On July 1, SpaceX successfully launched a Falcon 9 rocket into space with the Euclid spacecraft of the European Space Agency (ESA). The launch took place from Cape Canaveral in Florida, reports Engadget.

The telescope will study how dark matter and dark energy shape the universe. The device is equipped with a 600-megapixel camera, with which astronomers will record the night sky for the next six years. The telescope also has a near-infrared spectrometer and a photometer for measuring the redshift of galaxies.

Combined with data from ground-based observatories, this information will help scientists estimate the distance between different galaxies. As The New York Times notes, one of the physicists’ hopes is that Euclid will allow them to determine whether Albert Einstein’s general theory of relativity works differently on a cosmic scale. There is a real possibility that the spacecraft could revolutionize the human understanding of physics and even offer a glimpse into the ultimate fate of the universe.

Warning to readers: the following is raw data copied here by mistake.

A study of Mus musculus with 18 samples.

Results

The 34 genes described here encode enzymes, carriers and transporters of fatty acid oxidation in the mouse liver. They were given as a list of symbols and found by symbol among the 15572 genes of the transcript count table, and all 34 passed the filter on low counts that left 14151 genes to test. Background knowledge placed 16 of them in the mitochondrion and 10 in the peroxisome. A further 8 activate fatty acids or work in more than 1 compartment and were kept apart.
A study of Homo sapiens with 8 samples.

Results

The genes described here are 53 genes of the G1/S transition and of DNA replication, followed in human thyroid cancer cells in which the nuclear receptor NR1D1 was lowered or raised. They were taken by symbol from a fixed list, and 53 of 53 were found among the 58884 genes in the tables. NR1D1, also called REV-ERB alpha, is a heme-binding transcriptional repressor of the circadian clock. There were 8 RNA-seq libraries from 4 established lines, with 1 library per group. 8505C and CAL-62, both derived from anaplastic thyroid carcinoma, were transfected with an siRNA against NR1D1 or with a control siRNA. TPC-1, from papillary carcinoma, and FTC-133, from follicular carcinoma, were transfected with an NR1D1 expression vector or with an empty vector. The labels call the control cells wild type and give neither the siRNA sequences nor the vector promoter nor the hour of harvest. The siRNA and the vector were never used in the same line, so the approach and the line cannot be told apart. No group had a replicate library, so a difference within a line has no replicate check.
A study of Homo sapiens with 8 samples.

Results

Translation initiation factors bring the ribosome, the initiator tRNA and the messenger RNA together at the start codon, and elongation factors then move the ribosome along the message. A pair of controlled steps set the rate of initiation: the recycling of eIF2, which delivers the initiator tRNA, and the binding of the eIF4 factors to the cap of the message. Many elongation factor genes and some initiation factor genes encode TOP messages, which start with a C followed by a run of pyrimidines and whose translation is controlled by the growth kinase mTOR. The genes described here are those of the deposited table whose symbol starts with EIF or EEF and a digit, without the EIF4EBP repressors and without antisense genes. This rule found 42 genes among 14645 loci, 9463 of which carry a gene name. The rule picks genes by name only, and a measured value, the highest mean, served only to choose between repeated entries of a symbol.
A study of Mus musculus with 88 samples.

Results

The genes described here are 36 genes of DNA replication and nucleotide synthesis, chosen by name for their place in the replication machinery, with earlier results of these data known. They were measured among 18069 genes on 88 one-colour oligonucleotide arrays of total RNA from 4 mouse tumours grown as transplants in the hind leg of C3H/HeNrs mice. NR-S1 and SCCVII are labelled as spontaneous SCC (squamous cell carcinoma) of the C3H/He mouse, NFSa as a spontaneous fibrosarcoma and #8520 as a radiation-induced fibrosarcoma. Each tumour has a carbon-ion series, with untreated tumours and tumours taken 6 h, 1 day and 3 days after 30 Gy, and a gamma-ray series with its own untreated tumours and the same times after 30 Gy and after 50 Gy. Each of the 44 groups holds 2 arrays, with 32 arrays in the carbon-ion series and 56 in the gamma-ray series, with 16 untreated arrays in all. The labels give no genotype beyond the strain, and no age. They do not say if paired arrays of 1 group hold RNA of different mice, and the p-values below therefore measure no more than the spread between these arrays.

“If we want to understand the universe we live in, we need to uncover the nature of dark matter and dark energy and understand the role they played in shaping our cosmos,” said Carole Mundell, the ESA’s director of science. “To address these fundamental questions, Euclid will deliver the most detailed map of the extra-galactic sky.”

The telescope is now in space, about a million miles to the second Lagrange Point in the solar system. This is the same region of space where the James Webb Space Telescope has been operating for the past year. It will take Euclid about a month to travel there, with another three months spent testing the spacecraft’s instruments before the spacecraft can begin sending data back to Earth.

It was previously reported that the James Webb Space Telescope discovered a carbon-based molecule in the gas region of the Orion Nebula. It may be the “cornerstone of interstellar organic chemistry.”